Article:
Dentists estimate the regular number of daily flossers is less than 30 percent – a number that could use some work, especially since when people don’t floss, they miss cleaning 40 percent of their tooth surfaces, which can lead to a variety of future dental problems.
It’s clear most adults are not flossing on a regular basis, and unfortunately, children are no different. But parents can help change that for the better.
Dentists recommend children begin flossing (with parent’s help) after their teeth begin touching each other. Essentially, once the gaps that little ones tend to have close up, flossing becomes beneficial in removing food and plaque trapped between teeth.
When it comes to kids, it’s important for oral hygiene to be fun so that daily flossing becomes second nature in their oral hygiene routines moving forward. There are colorful, flavored kids’ flossers available to start children on their flossing journeys. These can be ordered online or found at any grocery store in a variety of brands and price points.
There is also the Waterpik and the Airfloss, both of which definitely kicks the act of traditional flossing up a few notches. The Waterpik works well, but parents will have to assist children with its use, and it tends to be quite messy because of the stream of water being used. The Airfloss is cordless and less messy, but equally effective at cleaning in between teeth. Both can be decorated with fun stickers and jazzed up to suit your child’s personality.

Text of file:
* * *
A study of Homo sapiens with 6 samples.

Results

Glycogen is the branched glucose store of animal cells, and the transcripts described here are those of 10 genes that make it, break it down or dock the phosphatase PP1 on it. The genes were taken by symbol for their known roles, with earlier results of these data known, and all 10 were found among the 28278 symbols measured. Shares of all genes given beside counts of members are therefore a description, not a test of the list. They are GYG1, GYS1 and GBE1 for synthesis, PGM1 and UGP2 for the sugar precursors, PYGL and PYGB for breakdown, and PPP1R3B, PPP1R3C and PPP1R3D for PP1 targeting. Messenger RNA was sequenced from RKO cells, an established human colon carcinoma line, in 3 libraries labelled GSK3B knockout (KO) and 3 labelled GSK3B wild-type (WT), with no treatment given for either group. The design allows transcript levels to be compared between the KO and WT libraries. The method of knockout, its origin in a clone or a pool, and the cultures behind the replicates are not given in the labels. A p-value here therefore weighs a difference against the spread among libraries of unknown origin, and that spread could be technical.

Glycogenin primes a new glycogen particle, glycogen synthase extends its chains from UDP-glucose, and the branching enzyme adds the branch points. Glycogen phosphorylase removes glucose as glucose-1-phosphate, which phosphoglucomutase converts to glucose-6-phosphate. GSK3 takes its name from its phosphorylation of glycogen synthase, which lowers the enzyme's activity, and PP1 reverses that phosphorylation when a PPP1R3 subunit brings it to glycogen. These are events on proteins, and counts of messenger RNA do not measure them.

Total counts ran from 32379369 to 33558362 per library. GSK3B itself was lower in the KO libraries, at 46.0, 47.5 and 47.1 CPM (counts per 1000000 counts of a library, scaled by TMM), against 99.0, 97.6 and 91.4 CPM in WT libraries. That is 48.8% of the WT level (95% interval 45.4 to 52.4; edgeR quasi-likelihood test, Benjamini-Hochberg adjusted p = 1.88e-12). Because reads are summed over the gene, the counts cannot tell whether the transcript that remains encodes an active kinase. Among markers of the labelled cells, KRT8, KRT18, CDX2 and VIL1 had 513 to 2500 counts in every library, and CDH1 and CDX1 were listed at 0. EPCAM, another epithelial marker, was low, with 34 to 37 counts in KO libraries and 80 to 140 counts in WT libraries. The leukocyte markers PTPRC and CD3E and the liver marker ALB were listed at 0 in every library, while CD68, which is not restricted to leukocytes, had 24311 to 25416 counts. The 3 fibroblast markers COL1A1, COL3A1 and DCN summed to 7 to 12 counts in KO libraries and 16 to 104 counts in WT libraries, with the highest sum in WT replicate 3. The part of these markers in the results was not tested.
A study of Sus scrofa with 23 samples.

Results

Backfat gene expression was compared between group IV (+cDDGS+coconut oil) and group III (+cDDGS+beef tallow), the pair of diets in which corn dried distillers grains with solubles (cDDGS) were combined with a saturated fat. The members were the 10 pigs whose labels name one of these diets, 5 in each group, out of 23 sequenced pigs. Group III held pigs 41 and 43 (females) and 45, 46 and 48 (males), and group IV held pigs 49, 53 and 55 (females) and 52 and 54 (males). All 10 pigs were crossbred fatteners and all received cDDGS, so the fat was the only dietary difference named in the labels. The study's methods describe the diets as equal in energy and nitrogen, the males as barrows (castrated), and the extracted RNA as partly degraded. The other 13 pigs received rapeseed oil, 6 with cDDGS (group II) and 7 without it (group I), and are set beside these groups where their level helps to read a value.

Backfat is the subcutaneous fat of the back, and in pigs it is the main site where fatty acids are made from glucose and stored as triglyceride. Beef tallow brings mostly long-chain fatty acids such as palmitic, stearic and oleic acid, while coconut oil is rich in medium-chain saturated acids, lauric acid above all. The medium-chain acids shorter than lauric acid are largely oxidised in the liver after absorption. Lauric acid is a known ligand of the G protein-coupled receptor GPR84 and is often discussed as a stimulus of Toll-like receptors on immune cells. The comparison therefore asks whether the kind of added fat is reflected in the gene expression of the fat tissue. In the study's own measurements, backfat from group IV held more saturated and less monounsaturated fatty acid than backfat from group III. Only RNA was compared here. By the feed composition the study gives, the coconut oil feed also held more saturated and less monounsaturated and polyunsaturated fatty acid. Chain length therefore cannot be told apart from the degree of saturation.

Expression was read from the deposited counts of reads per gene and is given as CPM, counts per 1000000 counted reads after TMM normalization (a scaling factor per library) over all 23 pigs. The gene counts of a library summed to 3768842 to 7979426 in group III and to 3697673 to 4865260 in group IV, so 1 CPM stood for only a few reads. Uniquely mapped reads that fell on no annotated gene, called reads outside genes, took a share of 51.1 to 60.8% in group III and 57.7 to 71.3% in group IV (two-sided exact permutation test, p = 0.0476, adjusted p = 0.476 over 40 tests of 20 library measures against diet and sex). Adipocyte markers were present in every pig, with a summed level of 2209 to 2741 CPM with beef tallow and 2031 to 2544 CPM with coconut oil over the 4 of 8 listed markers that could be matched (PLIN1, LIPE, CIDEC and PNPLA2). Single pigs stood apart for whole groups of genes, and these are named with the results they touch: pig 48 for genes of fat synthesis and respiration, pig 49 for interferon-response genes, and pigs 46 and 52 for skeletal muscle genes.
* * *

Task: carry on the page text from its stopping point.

Another less expensive option is called an interdental flosser; the tool resembles a mini toothbrush and is efficient at getting in between teeth to remove debris very well. Regardless of the apparatus, you choose for your family, remember to make flossing fun. Play music, floss together or actually do the “floss” with your child after you finish flossing your teeth. Another fun idea for younger children is to create a sticker chart for tracking their flossing progress and rewarding them after a certain number of stickers are earned.
Even if you have your children on a steady routine of brushing their teeth, flossing, using a fluoride rinse and making healthy eating choices, scheduling bi-annual dentist appointments is still imperative. Kids should see a dentist twice a year, beginning no later than their first birthday and continuing indefinitely into adulthood.
Unfortunately, some families believe they can’t afford to see a dentist, but recent studies conducted by First Things First show that 1 in 5 parents surveyed reported their child had AHCCCS insurance but also said they had no dental coverage. This is an incorrect belief because, in Arizona, dental insurance for children is part of the AHCCCS plan and includes office visits and cleanings for children, typically at no cost to the policyholder.